There is a management religion among credit union leaders today. Our faith lies in the numbers. When a decision is needed, to the financials we turn. Ratios, trends, analyses: accounting numbers rule the day.
Now don't get me wrong. Financials are critical.
Still, accounting numbers are only part of the picture... and they suffer from a fatal flaw: they only look backwards. Using only financials is like driving by looking in the rear view mirror. In good times or bad, they do a great job of telling us where we've been. They're not so good at telling us where we're going.
To look forward, we need another set of numbers. Research numbers. And a new, truly member-driven discipline.
The numbers we need are indexes of advocacy and detraction (NPS, net satisfaction, and/or net word of mouth): the numbers - and the philosophy - of the member experience.
Think of financials as the big gorilla in the room. Think of measures of the member experience as the big dog (and I'm talking a growling, ornery Rottweiler here.) Both deserve attention. Ignoring either can threaten your CU's future.
The "big dog" measurements of the member experience have advanced in recent years. Well-documented is the power of advocacy indexing (e.g., Net Promoter, Net Satisfaction, Net Word of Mouth) as a predictor of organizational growth. Why do these measures of the member experience work? Simple. They are Word of Mouth (WOM) indicators telling of members' likelihood to talk positively or negatively about your CU. Understanding your members' WOM is especially important for credit unions. Why? Because word of mouth is the primary tool consumers use to make decisions about where to bank.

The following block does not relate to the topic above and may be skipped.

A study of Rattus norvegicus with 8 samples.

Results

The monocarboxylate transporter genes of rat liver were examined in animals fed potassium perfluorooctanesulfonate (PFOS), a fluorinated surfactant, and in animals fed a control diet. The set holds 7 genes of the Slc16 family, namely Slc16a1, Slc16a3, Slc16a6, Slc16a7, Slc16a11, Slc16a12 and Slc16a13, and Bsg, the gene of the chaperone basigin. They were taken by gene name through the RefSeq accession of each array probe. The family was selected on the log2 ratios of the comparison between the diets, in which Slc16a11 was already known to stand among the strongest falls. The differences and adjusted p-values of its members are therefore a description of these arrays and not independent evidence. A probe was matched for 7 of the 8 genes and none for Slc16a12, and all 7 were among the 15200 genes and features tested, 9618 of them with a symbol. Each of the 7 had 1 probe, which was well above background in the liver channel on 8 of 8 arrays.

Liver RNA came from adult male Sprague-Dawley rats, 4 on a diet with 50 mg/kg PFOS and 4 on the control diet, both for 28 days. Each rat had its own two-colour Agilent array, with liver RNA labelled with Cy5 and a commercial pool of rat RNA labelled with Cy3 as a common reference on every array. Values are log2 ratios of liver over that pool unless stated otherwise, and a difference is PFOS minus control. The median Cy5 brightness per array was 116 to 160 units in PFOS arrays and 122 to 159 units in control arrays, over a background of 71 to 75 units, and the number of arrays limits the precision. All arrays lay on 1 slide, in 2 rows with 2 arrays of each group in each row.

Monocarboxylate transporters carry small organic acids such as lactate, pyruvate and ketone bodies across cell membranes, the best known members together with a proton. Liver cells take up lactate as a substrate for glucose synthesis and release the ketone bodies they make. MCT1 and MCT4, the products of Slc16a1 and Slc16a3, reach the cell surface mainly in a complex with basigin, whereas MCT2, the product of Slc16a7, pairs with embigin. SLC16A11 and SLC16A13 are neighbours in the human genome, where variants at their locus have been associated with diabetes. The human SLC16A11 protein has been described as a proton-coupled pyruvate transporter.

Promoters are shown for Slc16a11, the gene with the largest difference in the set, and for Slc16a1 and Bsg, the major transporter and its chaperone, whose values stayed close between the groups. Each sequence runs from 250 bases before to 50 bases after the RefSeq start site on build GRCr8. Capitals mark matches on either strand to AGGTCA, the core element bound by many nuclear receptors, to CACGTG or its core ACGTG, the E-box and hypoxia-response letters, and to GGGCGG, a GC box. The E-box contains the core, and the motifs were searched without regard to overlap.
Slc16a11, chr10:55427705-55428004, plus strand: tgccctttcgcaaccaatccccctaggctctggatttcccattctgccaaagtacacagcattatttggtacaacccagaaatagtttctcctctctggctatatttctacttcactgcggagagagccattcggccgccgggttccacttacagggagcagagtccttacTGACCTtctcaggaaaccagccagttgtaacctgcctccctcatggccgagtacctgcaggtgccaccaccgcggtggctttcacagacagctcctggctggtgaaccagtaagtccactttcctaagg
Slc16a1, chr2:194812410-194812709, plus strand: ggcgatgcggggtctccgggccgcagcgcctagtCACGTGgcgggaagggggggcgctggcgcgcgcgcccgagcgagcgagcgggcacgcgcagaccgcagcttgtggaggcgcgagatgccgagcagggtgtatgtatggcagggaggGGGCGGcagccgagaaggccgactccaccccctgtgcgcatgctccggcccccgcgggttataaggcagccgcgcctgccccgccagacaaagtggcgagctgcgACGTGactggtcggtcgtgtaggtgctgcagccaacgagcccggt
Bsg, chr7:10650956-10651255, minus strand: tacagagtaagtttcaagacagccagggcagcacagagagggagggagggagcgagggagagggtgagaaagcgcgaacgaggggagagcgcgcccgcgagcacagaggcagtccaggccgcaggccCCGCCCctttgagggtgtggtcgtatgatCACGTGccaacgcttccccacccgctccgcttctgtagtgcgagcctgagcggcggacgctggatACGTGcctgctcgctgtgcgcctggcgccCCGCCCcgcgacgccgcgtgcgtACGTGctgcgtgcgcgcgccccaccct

So if net advocacy indexes can indicate our future success, then we finally have market research that speaks to our religion: numbers. NPS provides the "financials" of the member experience - and a view out the front windshield and not just the rear view mirror.
You wouldn't (and shouldn't) ignore your financials. They're the big gorilla demanding your attention. The measures of the member experience - offense of NPS and defense of member satisfaction - are now one more set of numbers of equal importance. They're that growling, ferocious Rottweiler also worthy of notice.
Focus groups, web, mail, and phone surveys can all play a part in understanding the member experience. When intelligently used, each can bolster the big dog, and help your CU consistently improve your members' experience.
Which would you rather have: a) Great financials and a poor member experience (i.e., unhappy, un-loyal members), or b) Mediocre financials yet very loyal members?
Which bodes better for your future success?
A real world warning. Consider the CFO turned CEO who turned his financials around and drove his credit union nearly into the ground in the process. Sure, if you cut staff, marketing, products, and service levels, you can save a bundle and look great in the short term. But a year later, when members are fed up and leaving in droves, your numbers won't look so great anymore. Ignore the big dog, the Rottweiler of research and the member experience and guess what: you're going to get bit.
Neil Goldman is Senior Partner with Member Research, a full service research/consulting firm serving credit unions in 43 states nationwide. He can be reached at (310) 643-5910 or by email at email@example.com.